ACM SIGSOFT Distinguished Papers Awards
Mariano Ceccato, Paolo Tonella, Aldo Basile, Bart Coppens, Bjorn De Sutter, Paolo Falcarin, and Marco Torchiano
How Professional Hackers Understand Protected Code while Performing Attack Tasks
Code protections aim at blocking (or at least delaying) reverse engineering and tampering attacks to critical assets within programs. Knowing the way hackers understand protected code and perform attacks is important to achieve a stronger protection of the software assets, based on realistic assumptions about the hackers’ behaviour. However, building such knowledge is difficult because hackers can hardly be involved in controlled experiments and empirical studies. The FP7 European project Aspire has given the authors of this paper the unique opportunity to have access to the professional penetration testers employed by the three industrial partners. In particular, we have been able to perform a qualitative analysis of three reports of professional penetration test performed on protected industrial code. Our qualitative analysis of the reports consists of open coding, carried out by 7 annotators and resulting in 459 annotations, followed by concept extraction and model inference. We identified the main activities: understanding, building attack, choosing and customizing tools, and working around or defeating protections. We built a model of how such activities take place. We used such models to identify a set of research directions for the creation of stronger code protections.
Do Software Developers Understand Open Source Licenses?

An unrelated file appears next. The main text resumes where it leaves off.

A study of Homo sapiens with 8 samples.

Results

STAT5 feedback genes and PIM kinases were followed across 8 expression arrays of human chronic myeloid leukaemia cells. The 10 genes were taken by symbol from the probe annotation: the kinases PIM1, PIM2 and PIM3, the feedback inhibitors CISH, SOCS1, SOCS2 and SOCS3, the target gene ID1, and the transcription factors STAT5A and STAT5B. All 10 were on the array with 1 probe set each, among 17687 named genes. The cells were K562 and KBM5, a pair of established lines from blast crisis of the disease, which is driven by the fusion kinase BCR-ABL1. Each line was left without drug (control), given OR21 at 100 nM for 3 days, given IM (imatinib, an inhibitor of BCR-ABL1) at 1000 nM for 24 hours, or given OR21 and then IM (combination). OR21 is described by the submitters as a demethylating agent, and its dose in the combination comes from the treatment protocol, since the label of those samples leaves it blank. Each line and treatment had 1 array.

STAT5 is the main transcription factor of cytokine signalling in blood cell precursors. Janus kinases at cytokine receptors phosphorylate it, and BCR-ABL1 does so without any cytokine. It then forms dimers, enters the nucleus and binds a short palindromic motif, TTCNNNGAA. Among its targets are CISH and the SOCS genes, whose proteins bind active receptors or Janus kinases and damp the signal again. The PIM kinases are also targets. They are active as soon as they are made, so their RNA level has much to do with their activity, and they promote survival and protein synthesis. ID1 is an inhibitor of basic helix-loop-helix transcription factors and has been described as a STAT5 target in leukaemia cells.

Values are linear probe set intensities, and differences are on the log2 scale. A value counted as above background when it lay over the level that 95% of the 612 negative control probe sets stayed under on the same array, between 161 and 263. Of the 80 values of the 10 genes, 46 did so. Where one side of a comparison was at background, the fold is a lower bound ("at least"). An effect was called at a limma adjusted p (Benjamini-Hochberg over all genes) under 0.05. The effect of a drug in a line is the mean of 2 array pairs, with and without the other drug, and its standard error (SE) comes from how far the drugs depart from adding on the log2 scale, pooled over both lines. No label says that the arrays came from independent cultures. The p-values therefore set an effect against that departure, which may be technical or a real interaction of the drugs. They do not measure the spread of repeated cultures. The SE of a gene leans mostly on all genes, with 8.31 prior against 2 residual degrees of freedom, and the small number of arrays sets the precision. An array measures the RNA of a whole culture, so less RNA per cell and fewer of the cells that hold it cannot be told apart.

Daniel Almeida, Gail Murphy, Greg Wilson and Mike Hoye
Software provided under open source licenses is widely used, from forming high-profile stand-alone applications (e.g., Mozilla Firefox) to being embedded in commercial offerings (e.g., network routers). Despite the high frequency of use of open source licenses, there has been little work about whether software developers understand the open source licenses they use. To our knowledge, only one survey has been conducted, which focused on which licenses developers choose and when they encounter problems with licensing open source software. To help fill the gap of whether or not developers understand the open source licenses they use, we conducted a survey that posed development scenarios involving three popular open source licenses (GNU GPL 3.0, GNU LGPL 3.0 and MPL 2.0) both alone and in combination. The 375 respondents to the survey, who were largely developers, gave answers consistent with those of a legal expert’s opinion in 62% of 42 cases. Although developers clearly understood cases involving one license, they struggled when multiple licenses were involved. An analysis of the quantitative and qualitative results of the study indicate a need for tool support to help guide developers in understanding this critical information attached to software components.